Forbes: How Apple Listens to Its Customers
Apple turns bad customers into more profitable customers. Here’s how:
At Apple, store managers call every detractor within 24 hours. Initially, they found there were some detractors they couldn't reach. Subsequent studies showed that detractors that they did reach purchased substantially more Apple products and services than the others. Further studies showed that every hour spent calling detractors was generating more than $1,000 in revenue or additional sales of $25 million in the first year, which was a good return on the investment.
In traditional management, where customers are secondary, the expense of following up with customers would seem like the first kind of expense to cut in a crunch. With these numbers in hand, Apple's managers realize that this is one of the last things that should be cut.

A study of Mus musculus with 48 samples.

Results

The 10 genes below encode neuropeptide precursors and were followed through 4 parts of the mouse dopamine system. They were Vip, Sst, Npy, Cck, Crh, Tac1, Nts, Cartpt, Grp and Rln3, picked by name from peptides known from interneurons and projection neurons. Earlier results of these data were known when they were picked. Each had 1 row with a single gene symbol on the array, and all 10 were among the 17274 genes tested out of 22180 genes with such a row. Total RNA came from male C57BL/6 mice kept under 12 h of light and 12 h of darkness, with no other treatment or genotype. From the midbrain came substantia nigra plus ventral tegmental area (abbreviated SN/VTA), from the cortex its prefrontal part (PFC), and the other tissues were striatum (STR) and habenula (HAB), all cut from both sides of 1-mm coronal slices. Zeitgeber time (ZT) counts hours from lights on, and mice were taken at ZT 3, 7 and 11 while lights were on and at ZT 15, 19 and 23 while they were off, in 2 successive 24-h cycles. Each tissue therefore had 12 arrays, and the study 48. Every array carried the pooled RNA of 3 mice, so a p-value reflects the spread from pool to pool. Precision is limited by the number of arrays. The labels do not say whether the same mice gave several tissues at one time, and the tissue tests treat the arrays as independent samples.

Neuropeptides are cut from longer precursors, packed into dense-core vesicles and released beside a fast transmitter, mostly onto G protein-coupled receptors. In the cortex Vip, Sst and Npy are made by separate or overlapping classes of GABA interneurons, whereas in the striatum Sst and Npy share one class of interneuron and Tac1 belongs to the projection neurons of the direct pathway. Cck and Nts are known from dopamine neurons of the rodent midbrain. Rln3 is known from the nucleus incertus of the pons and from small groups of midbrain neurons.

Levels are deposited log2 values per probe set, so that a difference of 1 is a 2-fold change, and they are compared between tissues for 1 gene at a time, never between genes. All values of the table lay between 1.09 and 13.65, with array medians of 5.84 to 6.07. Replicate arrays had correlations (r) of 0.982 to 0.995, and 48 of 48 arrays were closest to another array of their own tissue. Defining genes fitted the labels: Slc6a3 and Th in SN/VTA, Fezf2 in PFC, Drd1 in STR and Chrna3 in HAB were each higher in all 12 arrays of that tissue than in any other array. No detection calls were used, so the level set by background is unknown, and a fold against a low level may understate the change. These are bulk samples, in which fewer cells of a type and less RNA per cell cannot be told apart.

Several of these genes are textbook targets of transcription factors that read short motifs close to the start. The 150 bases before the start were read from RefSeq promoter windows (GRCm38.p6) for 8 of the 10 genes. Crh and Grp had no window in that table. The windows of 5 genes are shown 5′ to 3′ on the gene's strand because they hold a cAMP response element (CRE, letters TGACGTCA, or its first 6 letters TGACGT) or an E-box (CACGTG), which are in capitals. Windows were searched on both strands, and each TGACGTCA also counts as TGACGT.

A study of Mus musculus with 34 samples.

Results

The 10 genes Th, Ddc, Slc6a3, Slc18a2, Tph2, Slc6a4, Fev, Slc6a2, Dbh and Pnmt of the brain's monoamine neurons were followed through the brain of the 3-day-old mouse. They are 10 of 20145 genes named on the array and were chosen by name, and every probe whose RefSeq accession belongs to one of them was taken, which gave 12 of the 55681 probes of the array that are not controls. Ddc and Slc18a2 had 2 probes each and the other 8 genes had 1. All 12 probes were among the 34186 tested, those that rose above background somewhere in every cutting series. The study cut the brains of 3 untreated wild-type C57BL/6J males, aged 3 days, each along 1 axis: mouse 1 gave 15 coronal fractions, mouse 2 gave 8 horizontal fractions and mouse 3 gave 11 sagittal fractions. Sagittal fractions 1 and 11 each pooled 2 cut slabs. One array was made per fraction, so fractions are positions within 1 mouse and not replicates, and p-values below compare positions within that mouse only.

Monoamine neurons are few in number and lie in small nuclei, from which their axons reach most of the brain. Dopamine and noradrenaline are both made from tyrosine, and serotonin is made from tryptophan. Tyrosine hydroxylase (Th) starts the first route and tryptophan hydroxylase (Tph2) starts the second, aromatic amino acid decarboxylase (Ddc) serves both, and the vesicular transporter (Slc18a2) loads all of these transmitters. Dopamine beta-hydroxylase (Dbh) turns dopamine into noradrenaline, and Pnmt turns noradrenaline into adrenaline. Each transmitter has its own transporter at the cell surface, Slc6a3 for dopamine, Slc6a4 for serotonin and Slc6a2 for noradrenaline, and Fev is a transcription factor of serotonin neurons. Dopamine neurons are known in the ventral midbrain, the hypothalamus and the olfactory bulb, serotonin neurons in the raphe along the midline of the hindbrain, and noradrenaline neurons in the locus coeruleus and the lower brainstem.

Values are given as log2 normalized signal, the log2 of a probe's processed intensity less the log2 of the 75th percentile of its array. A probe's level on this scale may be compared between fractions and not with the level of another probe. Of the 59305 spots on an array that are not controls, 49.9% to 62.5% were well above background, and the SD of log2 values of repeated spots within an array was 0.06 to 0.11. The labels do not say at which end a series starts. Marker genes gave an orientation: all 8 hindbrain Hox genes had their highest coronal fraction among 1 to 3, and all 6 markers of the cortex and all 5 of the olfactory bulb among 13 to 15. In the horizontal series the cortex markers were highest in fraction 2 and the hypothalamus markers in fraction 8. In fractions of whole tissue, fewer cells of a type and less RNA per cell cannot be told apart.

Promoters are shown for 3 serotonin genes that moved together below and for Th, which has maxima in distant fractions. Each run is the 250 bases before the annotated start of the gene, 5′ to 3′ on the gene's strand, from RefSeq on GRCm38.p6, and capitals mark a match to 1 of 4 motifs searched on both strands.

At Apple, customer focus is thus not a vague slogan. It's at the core of the way the stores are managed. Employees know where they stand among their peers in terms of NPS and where their stores stands relative to the rest of the stores in the region.
It makes Apple a lot of money:
Where a typical electronics store averages $1,200 per square foot in sales, mature Apple stores exceed $6,000 per square foot-the highest productivity in retailing of any kind.
Thus Apple practices radical management, where making money is the result, not the goal of the organization. The bottom line of its business is to delight the customer. We are indebted to The Ultimate Question 2.0 for showing us how they accomplish that on a daily basis.